3 Tips for Easy and Healthy Home Cooking, Greek style.

January 16, 2012

The Mediterranean diet conjures images of long, time consuming, home cooked meals… and who has time for that? I don’t, but did you know that there are plenty of Greek-Mediterranean recipes that are not only quick and easy to make, but they taste even better the next day?

As a dietitian, a busy mom of two little boys, and a avid supporter of the Greek diet, cooking healthy Mediterranean style dishes is a priority for me, but my time is limited. How do I do it? Here are my survival tips for quick Mediterranean cooking.

1. I always keep frozen vegetables, frozen herbs and canned tomatoes in my kitchen. With these 3 ingredients you can make the super healthy Greek vegetable one-pot dishes known as lathera which means “made with olive oil”. These dishes are made with a combination of vegetables, herbs, tomatoes and olive oil. They are delicious, healthy, full of antioxidants, low calorie and one serving which is a medium plate can provide you with 3 servings of vegetables. And the best part: active preparation time is only 10 minutes and they cook for 30-40 minutes. Click here for 3 easy and healthy lathera recipes. These dishes last 2-3 days and we eat them with a piece of feta cheese and a slice of whole wheat bread. Perfect for Meatless Mondays.

2. I make at least 2 no-cook meals a week with beans. Beans are a staple in The Greek-Mediterranean diet. Traditionally Greeks consume them at least twice a week cooked with some olive oil, lemon and sometimes tomato. Not only are they a great source of protein, fiber and antioxidants, they are cheap. I make Mediterranean inspired bean salads, and one of my favorite one is black eyed pea Mediterranean style salad.

Black-Eyed Pea Mediterranean Salad

INGREDIENTS

  • 1 can black-eyed peas rinsed
  • 2 tomatoes cut in cubes
  • 1 spring onion sliced
  • 2 carrots diced
  • ½ cup fresh chopped parsley
  • 1-2 chopped red bell peppers

For the dressing

  • ¼ cup olive oil
  • 1 ½ tablespoon lemon juice
  • 1 tablespoon honey
  • Salt and Pepper

PREPARATION

For the salad mix all the ingredients well in a bowl. Make the dressing by mixing the ingredients in a jar or small bowl. Add the dressing to the salad. This salad tastes much better after a few hours covered in the refrigerator so that all the flavors are absorbed.

3. I make Greek savory pies, called pites on the weekend, freeze them and have a week’s worth of lunches ready. They sound like a lot of work, but actually they are not. Greek savory pies, are the original traditional Greek fast food; they are easy to take with you and they can last several days. You probably are familiar with the spanakopita-spinach pie, but they can have other fillings such as leek, pepper, onion, mushroom and zucchini. They are very popular in Greece and they provide another way to eat vegetables packaged in tasty phyllo dough.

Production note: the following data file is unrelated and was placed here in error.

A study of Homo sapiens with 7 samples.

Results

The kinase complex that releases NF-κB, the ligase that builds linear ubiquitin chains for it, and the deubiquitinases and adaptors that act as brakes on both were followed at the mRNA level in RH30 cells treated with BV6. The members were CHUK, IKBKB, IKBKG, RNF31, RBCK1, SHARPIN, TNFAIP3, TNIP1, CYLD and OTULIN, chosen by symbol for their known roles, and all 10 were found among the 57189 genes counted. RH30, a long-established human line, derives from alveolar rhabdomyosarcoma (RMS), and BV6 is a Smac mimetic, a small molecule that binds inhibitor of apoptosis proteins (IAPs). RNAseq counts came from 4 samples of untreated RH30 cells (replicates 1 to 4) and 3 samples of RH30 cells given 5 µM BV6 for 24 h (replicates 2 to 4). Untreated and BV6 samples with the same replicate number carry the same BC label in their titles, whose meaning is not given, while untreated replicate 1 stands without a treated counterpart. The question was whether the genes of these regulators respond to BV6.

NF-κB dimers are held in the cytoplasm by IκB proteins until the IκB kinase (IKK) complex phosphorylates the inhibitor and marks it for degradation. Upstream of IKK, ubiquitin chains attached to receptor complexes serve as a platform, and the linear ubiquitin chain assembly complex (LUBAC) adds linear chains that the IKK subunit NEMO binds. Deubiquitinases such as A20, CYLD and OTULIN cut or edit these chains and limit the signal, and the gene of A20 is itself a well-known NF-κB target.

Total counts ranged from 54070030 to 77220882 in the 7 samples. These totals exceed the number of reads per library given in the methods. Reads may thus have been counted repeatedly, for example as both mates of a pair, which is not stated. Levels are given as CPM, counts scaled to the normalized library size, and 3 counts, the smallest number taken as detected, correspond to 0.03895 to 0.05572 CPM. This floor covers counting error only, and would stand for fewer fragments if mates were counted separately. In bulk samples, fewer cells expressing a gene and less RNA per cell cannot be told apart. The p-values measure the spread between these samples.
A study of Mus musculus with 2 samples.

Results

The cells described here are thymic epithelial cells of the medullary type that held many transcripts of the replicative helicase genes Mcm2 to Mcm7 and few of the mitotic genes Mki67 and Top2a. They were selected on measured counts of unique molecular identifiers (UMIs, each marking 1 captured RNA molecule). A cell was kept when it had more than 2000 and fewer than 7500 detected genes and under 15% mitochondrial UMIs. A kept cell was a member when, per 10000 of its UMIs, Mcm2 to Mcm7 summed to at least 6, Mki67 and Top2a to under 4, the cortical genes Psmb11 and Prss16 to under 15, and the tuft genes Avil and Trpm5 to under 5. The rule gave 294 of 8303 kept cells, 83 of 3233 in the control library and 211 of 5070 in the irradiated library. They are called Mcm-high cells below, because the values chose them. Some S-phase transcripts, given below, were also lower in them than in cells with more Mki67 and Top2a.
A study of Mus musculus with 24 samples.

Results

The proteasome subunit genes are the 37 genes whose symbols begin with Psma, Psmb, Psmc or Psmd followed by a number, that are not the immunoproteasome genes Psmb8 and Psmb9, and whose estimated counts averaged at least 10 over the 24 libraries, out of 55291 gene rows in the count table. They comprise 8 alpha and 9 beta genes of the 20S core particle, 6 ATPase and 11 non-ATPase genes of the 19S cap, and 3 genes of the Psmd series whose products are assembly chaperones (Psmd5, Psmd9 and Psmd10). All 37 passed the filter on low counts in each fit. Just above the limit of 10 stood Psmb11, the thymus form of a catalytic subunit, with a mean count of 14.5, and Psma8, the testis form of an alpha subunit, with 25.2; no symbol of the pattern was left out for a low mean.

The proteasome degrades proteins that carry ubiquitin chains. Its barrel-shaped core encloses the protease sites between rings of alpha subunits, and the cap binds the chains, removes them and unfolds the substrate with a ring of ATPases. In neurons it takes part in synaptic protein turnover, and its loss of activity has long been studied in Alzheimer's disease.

Basically you take some vegetables, sauté them, add some eggs and maybe some cheese, wrap them in phyllo dough and bake them. These are ideal for the busy cook because the active preparation time is less than 30 minutes, they last for days, and they freeze wonderfully.

I usually serve a large piece of spinach or leek or red pepper pita with a side salad, and they are ideal for kids, because the vegetables are hidden between the golden phyllo sheets. Nutritionally these pites are an excellent source of antioxidants due to the vegetables, olive oil and herbs and yes they are low carb, with only about 30% of calories coming from carbohydrates.  I use plenty of vegetables, olive oil and just a bit of cheese, and sometimes no cheese.

Spinach pie in a Roll-Spanakopita Rolo

INGREDIENTS

  • 2 pounds frozen spinach defrosted
  • 2-3 spring onions
  • 4-5 eggs
  • Dill
  • ½ cup olive oil
  • About 12 sheets of phyllo dough
  • ½ cup feta cheese crumbled
  • 1 teaspoon sugar

*You can also add some chopped sundried tomatoes.

PREPARATION

1. Preheat the oven at 375 degrees F (190 C).

2. Take the defrosted spinach and squeeze out all the water.

3. Sauté the spinach, the spring onion and the dill for a few minutes in 1-2 teaspoons olive oil.

4. Remove from heat. Let the mixture cool off in a bowl.

5. Once the spinach mixture has cooled a bit, add 4-5 eggs, ½ cup crumbled feta, 1-2 tablespoons olive oil, and 1 teaspoon salt and a bit of pepper.

6. Layer 6 sheets of phyllo on a pan or other working surface, brushing a bit of olive oil on each sheet.

7. Spread ½ of spinach mixture width-wise on the top part of the phyllo sheets and than start rolling the whole thing like a strudel. Repeat with the other ½ spinach mixture and the rest of the phyllo sheets so that you end up with 2 rolls.

8. Sprinkle with some water so that the phyllo won’t puff up while baking, and cut in the phyllo (not all the way through) making small slashes about an inch apart.

9. Bake for about 40-50 minutes. Let it cool and cut slices all the way through.

Check back for some more pita recipes.